Tuesday, November 11, 2008

Print is Not Dead

Newspapers, magazines, brochures, and catalogs are not dead. It's true that cable television and the Internet has redirected millions of dollars away from traditional marketing, but there are very few times I can remember that the later have been totally abandoned.

Catalogs, especially, have come to mind recently with my home mailbox already becoming crowded with Christmas catalogs. From toys to clothing, to baskets of cheese, it's all there.

Many of our clients have catalogs since they've been with us for years and are used to doing business with a bundle of catalogs cradled under the arms of their sales force.

When approached with the question "Should we stop printing the catalog?", we like to test market a small section of the catalog online. More often than not, there will be some resistance from our clients' customers - "Why did you do that?", "Should I throw my catalog away?", and the ever-popular "Now I have to print out the catalog off of my printer."

I like to judge success by comparing the average sales order for both mediums during a certain time period. For our business-to-business customers, catalogs usually do better and the business-to-consumer customers find that online ordering is more popular. Are there exceptions? Absolutely. Test and test again to find out what works best for your business.

Most important, make sure your catalog is Internet compatible and vice-versa. When designing a new catalog, take advantage of the latest techniques that make catalog upload easy, and maybe interactive.

As the marketplace continues to change, customers are looking for the easiest way to buy. The question to ask yourself is this... "In my industry, are customers more apt to boot up the computer or thumb through a catalog to find how much my product costs?

Wednesday, November 5, 2008

Doing a Little House Cleaning

Received a wonderful call from a gentleman who runs a cleaning company. He asked for some ideas to boost his business other than expensive Yellow Page advertising. In a matter of a half hour the following recommendations were made. Which ones will work and which ones won't? I'm curious to hear your thoughts.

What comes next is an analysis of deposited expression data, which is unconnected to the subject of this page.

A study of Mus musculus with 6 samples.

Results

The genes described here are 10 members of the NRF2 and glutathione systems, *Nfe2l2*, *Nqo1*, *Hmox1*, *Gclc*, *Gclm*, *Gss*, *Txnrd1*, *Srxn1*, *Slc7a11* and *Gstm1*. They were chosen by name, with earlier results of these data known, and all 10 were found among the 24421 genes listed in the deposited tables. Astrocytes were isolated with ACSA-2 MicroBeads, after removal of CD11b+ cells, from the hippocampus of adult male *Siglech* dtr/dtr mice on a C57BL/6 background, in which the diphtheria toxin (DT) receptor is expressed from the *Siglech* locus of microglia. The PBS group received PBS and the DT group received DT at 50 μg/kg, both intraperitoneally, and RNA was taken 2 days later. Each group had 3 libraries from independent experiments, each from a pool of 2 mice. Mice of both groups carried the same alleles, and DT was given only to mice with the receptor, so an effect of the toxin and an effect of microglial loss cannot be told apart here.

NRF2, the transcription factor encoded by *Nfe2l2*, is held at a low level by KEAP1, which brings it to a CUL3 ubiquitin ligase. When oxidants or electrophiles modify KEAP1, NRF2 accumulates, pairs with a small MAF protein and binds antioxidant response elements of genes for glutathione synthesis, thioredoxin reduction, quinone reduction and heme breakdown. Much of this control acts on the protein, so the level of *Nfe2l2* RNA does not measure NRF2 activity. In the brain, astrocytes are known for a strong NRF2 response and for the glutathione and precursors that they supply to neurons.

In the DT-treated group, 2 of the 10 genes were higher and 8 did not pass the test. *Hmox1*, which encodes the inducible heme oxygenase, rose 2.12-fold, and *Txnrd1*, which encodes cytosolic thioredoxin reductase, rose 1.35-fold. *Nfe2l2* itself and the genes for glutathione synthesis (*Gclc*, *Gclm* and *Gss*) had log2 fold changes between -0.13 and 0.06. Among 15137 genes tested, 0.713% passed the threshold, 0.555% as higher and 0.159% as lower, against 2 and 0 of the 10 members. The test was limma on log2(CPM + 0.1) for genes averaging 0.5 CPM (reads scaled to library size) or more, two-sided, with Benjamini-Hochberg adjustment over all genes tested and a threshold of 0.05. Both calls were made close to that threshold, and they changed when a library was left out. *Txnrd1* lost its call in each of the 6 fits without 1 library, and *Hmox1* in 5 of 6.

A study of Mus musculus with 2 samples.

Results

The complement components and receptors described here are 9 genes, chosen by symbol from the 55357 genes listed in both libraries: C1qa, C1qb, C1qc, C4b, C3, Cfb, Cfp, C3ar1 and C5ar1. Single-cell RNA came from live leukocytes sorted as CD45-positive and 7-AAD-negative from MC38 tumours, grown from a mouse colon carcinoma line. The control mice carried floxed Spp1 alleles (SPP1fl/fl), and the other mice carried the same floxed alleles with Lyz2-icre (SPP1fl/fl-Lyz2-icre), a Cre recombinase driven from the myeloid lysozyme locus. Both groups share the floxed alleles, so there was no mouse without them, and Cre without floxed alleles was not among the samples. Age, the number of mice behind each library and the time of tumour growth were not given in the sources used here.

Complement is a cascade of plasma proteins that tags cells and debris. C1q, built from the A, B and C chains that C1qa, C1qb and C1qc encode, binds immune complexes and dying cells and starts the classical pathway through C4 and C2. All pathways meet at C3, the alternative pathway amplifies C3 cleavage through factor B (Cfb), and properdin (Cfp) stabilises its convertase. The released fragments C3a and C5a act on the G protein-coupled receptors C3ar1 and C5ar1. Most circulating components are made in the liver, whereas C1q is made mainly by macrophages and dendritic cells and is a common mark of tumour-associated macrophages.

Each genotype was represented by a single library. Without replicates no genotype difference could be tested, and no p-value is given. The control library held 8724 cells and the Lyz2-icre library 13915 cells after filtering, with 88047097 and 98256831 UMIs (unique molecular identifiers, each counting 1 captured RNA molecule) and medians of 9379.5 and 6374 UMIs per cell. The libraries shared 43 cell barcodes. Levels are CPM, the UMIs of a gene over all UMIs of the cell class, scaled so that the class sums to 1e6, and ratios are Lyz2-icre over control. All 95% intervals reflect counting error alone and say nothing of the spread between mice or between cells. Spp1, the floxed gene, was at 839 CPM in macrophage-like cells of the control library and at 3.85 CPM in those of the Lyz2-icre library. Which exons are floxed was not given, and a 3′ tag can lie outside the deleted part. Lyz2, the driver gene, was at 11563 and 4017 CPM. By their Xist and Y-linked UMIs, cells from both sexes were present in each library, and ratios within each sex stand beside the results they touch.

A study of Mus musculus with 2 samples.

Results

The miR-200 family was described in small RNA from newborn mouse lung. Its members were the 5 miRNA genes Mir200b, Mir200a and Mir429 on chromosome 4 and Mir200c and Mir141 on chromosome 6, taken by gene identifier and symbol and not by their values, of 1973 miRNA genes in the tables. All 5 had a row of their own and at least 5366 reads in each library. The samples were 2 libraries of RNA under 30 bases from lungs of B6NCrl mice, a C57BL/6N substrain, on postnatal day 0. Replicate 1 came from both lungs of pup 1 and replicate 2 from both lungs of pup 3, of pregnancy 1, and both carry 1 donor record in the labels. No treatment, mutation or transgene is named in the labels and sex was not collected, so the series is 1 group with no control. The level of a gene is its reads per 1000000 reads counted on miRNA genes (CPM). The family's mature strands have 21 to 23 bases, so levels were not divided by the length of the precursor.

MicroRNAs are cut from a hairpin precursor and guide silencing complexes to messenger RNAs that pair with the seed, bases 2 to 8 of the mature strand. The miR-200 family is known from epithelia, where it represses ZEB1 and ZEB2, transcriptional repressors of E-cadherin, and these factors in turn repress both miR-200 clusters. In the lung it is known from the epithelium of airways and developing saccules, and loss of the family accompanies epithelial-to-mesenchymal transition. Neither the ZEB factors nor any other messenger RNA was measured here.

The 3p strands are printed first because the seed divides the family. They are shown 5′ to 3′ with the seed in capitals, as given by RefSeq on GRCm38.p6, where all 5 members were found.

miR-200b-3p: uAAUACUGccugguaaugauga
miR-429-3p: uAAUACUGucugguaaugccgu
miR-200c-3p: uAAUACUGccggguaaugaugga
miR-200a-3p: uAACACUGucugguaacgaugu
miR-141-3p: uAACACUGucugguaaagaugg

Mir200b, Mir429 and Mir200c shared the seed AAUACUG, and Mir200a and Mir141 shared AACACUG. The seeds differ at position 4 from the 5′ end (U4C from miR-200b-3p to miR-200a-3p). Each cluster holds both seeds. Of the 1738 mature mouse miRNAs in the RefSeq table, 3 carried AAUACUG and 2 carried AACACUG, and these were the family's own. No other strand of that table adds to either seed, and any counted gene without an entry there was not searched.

1. Door Hangars - Can be used two different ways. The first being a “calling card” to neighbors that you are providing a service in their neighborhood or as a general solicitation to canvas areas that you do not currently service.
2. Website - Probably the most important marketing tool a business can have in today’s “on-line” world. I’d like to see a nice home page and five inside pages.
3. Referral Program - Institute a referral program that could offer a direct incentive such as a Home Depot gift card or a discount off of a future cleaning.
4. Brochure - A simple six-page tri-fold brochure (3.5”x8.5”) should describe the benefits of your service
5. Yard Signs - It’s imperative that neighbors realize that you are providing a service in their area. There are two versions that might work well. The first being a permanent sign, i.e., ADT, Brinks, or a temporary sign that is placed in the yard while the home is being cleaned and removed when the cleaner is finished. Customers may be offered a one-time discount to keep the permanent sign in their yard.
6. Direct Mail - Design a postcard that can be targeted and mailed to neighbors within a certain radius of an existing customer.